College athlete Kylie Lough is thriving as a competitive rower after having a stroke at 18. She’s also inspiring other young survivors to never give up on their dreams.
As a competitive rower, Kylie Lough was thrilled to be accepted into a five-week elite international training program in 2022. She was 18 and had recently graduated from high school, so learning from some of the world’s best coaches was a dream come true.
Two weeks into the program while in New Zealand, her life suddenly took a dramatic turn that would test everything she knew about teamwork and determination.
Rowing practice was canceled earlier in the day because of a snowstorm. Kylie was in her hotel room in a middle-of-nowhere town almost 10,000 miles from her Boston home when everything started spinning and she blacked out. Then she couldn’t move her legs or arms. She tried yelling for help, but her speech was slurred. She used all her strength to crawl to the hotel room door.
“I opened it and screamed at the top of my lungs for help because I didn’t know what was happening,” she said. “But I knew that something was very, very wrong with me.”
Two other rowers came quickly and sat her upright. At this point, Kylie was almost completely paralyzed.
“I had lost all motion in my arms, my legs, everything,” she said. “I could barely keep my head up, and I kept trying to tell everyone something is wrong. But it was slurred, and no one could understand what I was saying.”
She was driven in the team van to the closest urgent care. It was only five minutes away, but roads were hazardous because of the snowstorm so it took significantly longer. Once at urgent care, the medical staff determined she needed to be treated in a hospital. They contacted the closest one but were told that a helicopter could not transport her because of the storm.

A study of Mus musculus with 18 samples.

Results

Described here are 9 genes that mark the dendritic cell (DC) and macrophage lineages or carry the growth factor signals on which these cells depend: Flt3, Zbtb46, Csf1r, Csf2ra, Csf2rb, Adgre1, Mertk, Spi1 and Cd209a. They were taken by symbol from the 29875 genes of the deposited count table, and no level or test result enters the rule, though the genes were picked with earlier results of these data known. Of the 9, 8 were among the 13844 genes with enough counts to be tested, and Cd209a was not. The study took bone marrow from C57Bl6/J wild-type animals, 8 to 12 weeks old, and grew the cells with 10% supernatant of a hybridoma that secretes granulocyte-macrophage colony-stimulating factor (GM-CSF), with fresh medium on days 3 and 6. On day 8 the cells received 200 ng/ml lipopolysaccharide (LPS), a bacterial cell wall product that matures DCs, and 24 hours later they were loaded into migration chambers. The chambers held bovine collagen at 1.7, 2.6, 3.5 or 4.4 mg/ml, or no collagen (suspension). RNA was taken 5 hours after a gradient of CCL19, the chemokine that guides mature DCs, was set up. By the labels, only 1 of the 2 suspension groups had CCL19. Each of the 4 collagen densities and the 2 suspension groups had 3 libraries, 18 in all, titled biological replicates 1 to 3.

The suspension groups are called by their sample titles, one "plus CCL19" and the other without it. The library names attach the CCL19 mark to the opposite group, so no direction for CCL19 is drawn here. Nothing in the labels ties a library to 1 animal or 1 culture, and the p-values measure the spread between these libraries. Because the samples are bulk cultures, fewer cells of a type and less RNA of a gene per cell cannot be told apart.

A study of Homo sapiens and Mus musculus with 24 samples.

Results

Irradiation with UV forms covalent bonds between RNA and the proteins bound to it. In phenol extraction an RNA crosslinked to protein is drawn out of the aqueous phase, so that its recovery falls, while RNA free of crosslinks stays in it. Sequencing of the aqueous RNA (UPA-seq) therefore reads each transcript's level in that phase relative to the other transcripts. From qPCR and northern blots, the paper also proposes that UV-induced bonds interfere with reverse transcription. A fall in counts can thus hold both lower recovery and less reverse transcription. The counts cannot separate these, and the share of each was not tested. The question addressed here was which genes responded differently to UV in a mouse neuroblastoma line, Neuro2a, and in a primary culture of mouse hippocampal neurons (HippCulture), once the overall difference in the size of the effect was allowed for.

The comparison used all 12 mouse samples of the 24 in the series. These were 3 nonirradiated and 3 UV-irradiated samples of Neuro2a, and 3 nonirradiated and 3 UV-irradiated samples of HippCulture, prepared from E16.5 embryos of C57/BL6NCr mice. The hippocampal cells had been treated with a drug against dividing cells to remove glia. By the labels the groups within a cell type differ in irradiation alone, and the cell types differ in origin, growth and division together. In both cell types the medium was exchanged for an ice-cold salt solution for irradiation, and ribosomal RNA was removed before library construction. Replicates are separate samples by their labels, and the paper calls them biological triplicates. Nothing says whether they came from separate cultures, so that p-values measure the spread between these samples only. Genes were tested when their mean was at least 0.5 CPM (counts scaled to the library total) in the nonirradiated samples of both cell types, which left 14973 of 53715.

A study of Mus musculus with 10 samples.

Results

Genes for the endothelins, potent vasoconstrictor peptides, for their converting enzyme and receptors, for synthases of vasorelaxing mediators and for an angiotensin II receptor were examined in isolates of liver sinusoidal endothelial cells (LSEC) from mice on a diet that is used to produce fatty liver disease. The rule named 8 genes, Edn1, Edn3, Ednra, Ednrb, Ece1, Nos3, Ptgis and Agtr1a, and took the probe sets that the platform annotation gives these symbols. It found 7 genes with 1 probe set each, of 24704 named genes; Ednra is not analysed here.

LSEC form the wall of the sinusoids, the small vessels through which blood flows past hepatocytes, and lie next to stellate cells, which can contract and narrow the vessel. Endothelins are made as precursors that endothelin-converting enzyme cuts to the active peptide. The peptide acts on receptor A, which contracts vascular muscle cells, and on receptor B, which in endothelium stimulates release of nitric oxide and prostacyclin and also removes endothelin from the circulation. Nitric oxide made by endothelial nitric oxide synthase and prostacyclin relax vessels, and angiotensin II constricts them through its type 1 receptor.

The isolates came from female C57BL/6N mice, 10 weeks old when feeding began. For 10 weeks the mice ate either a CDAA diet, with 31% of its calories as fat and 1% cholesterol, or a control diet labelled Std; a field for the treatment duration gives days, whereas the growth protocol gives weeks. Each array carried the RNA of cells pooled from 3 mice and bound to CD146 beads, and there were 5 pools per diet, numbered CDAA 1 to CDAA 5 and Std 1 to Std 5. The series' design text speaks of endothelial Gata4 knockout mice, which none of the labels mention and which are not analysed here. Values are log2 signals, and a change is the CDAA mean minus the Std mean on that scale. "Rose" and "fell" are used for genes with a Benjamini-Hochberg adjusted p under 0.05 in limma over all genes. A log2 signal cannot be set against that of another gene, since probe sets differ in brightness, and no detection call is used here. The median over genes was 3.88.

That’s when the head coach of the program made a brave decision to drive Kylie to the hospital. It was about three hours away, but it took twice as long because of the weather and road conditions.
“When I got there, I thought immediately I’d be rushed into emergency and they’d figure out what was going on,” she said. “I thought that they’d hook me up to an IV, all those things that you see in the movies where they are immediately attentive to you.”
But that is not what happened. Kylie was experiencing typical stroke symptoms, but being young and physically fit made hospital staff think something else was wrong. Hospital staff repeatedly asked Kylie if she was pregnant, had taken performance-enhancing drugs or drank alcohol that day. Kylie was doing her best to say no to the questions and communicate with the staff.
“The most important thing with a stroke is time, and I was not given attention in a short enough amount of time,” Kylie said. “It was the worst experience ever because no one was listening to me.”
An MRI showed that Kylie did have a stroke. She recovered in the hospital while her mom traveled from Boston to be with her. Then Kylie and her mom made the long trip back to the United States. She had to have an IV in her arm and be accompanied by a nurse on the flight.
Back home, her care team determined the stroke was likely caused by a patent foramen ovale, a hole in the upper chambers of her heart that a blood clot can pass through to the brain. She underwent a noninvasive catheterization procedure to close the hole. She was also told to stop taking estrogen birth control, which is linked to blood clotting.
Kylie started her freshman year at college one month after her stroke. She juggled homework with going to physical, occupational and speech therapy. She also taught herself new ways to do things, including how to cope with her right side still being weak.
“Now I write all of my notes left-handed, I eat left-handed, I do everything left-handed. I’ve definitely evolved from what happened. Nothing is normal anymore, but I’ve just been in a much better physical state.”
Once she was cleared to row for her college team, she faced doubts from others wondering if she could handle it. She rose to the challenge and helped her school win a second-place national championship overall, coming in third in her event less than a year after the stroke.
“I think that my determination definitely got me there,” she said. “I would not be where I am without working as hard as I did to better myself through therapy, through my mentality, through everything.”
She’s on a mission to use her experience to teach other young people about stroke.
“I think that ignorance is not bliss in this case,” she said. “You need to know the signs because stroke doesn’t care how young you are. It doesn’t care how in shape you are or what your medical history is. It can strike any time and you’ll have no idea until it does.”